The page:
Brighten Your R&R Time with Colorful Thai Herbal Teas

The Yomiuri Shimbun
Clockwise from center front: Butterfly Pea, Roselle, Emblica, Gotu Kola and Bael Fruit.

Clear herbal teas in hues of blue, red, yellow and more can gently add a touch of color to your relaxation time. Pour yourself a glass during the hot summer season to enjoy with a cool breeze.

I tried five kinds of brightly colored herbal teas at Abhaibhubejhr Japan Inc. in Tokyo, a company that imports and sells Thai herbs.

“All the colors seep out naturally from these herbs that are grown in Thailand,” said Abhaibhubejhr Japan President Takahiro Kawakami, 65.

The most eye-catching is the mysterious blue Butterfly Pea, which is used by the Thai king as a tea for entertaining guests and also in cooking.

A member of the legume family, Butterfly Pea has a subtle flavor like a pea.

“It is thought to be effective in preventing eye fatigue as well as body coldness due to poor circulation,” Kawakami said.

Herbs, which have a long history of being used as medicine in Thailand, are said to be useful in taking care of one’s health.

I also tried the golden colored Emblica, which has a refreshing sourness that seems to suit the hot season.

The bright red Roselle has a sour but smooth taste. Gotu Kola is light yellow-green and slightly bitter, while Bael Fruit has a fruity aroma and a hint of sweetness.

The Yomiuri Shimbun
Roselle herbal tea

The other appeal of Butterfly Pea tea is how it changes color. Adding lemon or lime juice to the tea changes the color from blue to purple. Iced Butterfly Pea tea turns pink when lemonade or other lemon-based drinks are added.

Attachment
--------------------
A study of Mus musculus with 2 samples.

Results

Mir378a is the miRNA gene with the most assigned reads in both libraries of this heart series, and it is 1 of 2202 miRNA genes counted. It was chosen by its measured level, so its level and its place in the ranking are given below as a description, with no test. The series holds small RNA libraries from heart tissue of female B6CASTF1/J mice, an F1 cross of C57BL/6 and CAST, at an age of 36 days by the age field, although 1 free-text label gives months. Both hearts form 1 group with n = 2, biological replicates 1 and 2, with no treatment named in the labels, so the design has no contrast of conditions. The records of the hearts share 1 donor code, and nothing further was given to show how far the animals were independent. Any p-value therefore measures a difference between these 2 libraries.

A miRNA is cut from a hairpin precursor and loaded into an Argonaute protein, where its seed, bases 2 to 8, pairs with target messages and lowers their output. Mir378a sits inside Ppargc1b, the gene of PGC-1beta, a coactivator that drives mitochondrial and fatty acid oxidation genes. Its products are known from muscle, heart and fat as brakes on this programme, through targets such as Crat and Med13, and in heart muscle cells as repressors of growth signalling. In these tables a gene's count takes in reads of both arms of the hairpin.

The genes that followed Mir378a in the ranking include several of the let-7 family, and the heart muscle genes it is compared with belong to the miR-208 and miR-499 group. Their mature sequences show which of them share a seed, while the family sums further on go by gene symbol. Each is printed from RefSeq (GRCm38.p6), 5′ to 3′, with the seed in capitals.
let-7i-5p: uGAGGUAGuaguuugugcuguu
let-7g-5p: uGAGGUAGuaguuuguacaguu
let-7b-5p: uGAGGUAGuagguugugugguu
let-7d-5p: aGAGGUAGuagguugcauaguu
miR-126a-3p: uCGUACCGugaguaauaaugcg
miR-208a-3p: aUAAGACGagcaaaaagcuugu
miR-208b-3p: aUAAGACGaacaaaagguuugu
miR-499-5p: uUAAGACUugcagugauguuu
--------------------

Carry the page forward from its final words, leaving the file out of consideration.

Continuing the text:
The color change is due to anthocyanin, a natural pigment found in the blue flowers of the pea that reacts to acidic fruit juices, said Kawakami.

The Yomiuri Shimbun
Butterfly Pea tea turns purple when a squeeze of lemon is added.

To make a good cup of herbal tea, pay attention to the way the color appears. Pour boiling water over the tea bags or tea flowers and wait for a while. The tea is ready when the color is bright and not cloudy.

In summer, brew stronger tea and add ice. “You can also carry the herbal tea in a clear plastic bottle,” said Kawakami. “Enjoy the vivid color of natural herbs when you are out and about or at work.”

Enjoy clarity of tea in jelly

Courtesy of Abhaibhubejhr Japan
Layered jelly made with Butterfly Pea tea and milk

On a hot day, how about refreshing yourself with chilled layered jelly made with herbal tea? Natsuko Ueda, a public relations staff member of Abhaibhubejhr Japan, shared a recipe that makes the most of the blue color of Butterfly Pea.

Brew the herbal tea by pouring 200-250 cc of boiling water over four or five Butterfly Pea tea flowers and wait until the desired color is achieved. Add sugar or honey as needed, then dissolve 5 grams of gelatin into the tea. Place in a bowl or mold, and put it in the refrigerator to cool.

After the herbal tea jelly has set, pour in white milk jelly on top and allow it to set. This process of alternately cooling and setting the jelly in the bowl creates a stylish dish.

“The transparency of the jelly will stand out if you make the herbal tea a little weaker,” Ueda said. She also recommends using Roselle for its vibrant red color.